Russia has been outside the jurisdiction of the European Court for Human Rights (ECHR) since March, when Moscow was expelled from the Council of Europe over its invasion of Ukraine. 

Work is currently underway to form a working group that will create an alternative human rights court over the next year, Interfax quoted Association of Russian Lawyers head Sergei Stepashin as saying at a meeting of the group's board and presidium.

The court’s jurisdiction could consist of BRICS countries, Council of Independent States members or Eurasian Economic Union members, he said.

The working group will include representatives from the Justice Ministry, the Investigative Committee and the presidential administration, he said.

President Vladimir Putin sacked the idea of creating an “alternative” human rights court in 2020. In 2021, he delegated the task to Russia’s Supreme Court. 

Russia has been widely criticized for its rights record in Western countries, with the country’s clampdown on peaceful protests, opposition politicians, independent media, LGBT people and more coming under fire.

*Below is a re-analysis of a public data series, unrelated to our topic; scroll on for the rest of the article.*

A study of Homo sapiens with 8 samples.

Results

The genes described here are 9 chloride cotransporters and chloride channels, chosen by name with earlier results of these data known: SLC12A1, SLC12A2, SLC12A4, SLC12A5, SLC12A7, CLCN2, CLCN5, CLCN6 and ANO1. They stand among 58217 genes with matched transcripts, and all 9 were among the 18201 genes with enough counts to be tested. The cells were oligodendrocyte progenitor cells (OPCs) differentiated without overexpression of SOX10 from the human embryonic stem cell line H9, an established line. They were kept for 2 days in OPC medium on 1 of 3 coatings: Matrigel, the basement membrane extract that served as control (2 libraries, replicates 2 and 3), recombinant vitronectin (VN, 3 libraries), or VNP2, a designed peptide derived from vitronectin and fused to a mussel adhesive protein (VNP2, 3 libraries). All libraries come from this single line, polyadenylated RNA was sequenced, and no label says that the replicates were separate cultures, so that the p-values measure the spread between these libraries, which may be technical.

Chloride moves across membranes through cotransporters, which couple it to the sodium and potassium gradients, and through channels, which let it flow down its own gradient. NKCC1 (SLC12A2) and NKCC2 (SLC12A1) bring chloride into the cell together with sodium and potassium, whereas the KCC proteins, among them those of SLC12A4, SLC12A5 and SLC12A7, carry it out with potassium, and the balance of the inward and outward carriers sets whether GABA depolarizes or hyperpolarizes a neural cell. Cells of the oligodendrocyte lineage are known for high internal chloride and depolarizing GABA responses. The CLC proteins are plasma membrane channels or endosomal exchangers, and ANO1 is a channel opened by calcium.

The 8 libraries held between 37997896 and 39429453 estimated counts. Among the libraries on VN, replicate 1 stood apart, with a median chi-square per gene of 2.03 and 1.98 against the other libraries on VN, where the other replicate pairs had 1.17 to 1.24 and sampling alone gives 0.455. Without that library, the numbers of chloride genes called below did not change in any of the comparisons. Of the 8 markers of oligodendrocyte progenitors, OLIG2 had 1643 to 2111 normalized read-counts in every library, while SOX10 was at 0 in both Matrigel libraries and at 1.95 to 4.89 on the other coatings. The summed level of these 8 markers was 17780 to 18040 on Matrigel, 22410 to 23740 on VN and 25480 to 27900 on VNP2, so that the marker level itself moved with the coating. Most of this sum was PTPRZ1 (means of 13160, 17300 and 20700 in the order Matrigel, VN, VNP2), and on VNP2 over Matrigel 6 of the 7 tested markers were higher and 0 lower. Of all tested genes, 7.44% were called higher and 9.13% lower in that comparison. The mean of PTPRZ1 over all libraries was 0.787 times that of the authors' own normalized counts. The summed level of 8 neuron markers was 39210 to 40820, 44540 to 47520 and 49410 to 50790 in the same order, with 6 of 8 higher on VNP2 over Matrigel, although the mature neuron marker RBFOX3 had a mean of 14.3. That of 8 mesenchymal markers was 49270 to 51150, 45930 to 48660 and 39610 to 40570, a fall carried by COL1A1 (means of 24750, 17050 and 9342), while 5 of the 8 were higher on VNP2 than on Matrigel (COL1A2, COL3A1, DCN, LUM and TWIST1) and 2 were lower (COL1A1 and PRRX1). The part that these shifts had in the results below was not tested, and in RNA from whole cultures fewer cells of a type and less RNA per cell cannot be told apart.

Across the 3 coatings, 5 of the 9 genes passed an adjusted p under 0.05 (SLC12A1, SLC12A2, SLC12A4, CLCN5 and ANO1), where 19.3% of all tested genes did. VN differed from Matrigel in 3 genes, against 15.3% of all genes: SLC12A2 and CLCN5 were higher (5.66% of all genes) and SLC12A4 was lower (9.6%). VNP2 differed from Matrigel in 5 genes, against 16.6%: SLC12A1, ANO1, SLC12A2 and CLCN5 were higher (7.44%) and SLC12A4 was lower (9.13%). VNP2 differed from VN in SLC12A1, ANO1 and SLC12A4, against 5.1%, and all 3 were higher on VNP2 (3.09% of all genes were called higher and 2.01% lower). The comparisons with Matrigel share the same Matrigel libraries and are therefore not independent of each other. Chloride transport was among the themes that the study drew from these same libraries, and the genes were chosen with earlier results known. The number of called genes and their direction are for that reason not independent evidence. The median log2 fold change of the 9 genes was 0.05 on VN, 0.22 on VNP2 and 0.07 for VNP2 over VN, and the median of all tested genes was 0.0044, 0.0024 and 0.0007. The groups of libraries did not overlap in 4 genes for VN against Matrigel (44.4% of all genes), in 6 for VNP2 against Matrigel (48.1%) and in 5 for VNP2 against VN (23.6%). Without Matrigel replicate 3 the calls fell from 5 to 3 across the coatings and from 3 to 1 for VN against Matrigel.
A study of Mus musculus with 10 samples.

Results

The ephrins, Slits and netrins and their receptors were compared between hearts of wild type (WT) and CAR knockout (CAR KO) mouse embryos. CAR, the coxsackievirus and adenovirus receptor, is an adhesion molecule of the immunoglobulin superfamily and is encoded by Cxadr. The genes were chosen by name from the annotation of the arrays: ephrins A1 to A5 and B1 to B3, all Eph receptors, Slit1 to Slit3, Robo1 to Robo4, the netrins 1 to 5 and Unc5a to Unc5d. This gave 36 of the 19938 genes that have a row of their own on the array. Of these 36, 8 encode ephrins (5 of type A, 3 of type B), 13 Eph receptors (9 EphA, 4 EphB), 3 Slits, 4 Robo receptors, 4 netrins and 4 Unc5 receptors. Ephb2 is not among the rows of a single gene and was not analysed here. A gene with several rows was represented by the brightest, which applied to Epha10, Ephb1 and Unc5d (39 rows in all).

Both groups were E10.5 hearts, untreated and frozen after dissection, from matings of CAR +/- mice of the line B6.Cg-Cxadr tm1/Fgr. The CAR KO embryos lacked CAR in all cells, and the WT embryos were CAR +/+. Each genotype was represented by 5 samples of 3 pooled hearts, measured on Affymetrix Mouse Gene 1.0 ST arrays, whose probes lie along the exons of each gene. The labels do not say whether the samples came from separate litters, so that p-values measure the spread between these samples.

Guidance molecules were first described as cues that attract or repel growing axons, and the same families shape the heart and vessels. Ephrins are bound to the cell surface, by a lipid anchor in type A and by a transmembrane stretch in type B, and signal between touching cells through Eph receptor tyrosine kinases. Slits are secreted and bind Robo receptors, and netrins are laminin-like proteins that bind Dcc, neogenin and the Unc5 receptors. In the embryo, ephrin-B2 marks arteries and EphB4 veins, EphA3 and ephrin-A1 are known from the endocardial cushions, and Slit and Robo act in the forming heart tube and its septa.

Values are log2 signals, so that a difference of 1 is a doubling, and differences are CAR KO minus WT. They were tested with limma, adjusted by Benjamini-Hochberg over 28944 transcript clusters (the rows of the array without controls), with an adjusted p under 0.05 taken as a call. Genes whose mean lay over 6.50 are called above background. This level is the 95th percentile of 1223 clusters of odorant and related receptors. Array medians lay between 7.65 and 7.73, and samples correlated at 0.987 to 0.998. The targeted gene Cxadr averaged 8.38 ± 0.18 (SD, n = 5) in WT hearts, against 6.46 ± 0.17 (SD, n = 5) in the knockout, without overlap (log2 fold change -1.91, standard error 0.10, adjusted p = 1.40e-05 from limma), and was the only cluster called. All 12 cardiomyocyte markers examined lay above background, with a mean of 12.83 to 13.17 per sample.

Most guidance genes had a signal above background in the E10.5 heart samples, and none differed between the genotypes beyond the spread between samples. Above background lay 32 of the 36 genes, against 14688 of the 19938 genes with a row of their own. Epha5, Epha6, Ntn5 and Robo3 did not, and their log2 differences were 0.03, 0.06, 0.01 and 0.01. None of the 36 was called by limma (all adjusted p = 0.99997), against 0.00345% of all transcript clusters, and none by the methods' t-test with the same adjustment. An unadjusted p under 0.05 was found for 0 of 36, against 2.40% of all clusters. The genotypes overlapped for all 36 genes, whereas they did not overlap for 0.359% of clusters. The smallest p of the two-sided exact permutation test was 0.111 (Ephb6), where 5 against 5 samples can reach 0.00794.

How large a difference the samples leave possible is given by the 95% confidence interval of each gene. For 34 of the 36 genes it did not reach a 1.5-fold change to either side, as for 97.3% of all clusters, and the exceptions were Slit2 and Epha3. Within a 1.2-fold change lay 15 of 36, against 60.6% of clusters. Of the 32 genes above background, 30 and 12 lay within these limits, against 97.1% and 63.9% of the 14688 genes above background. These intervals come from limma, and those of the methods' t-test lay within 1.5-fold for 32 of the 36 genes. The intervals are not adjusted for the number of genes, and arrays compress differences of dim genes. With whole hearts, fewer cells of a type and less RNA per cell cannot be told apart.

Filing a complaint through the ECHR was one of the only ways that Russians could seek justice for political persecution and human rights violations, and the court had ordered Russia to pay out millions of euros to plaintiffs for rights violations over the years.

The ECHR will continue to accept complaints filed against Russia until Sept. 16, 2022, as Russia will still be considered a signatory of the European Convention until that date.  

“There is, however, no guarantee that Russia will comply with the ECHR’s decisions,” OVD-Info wrote.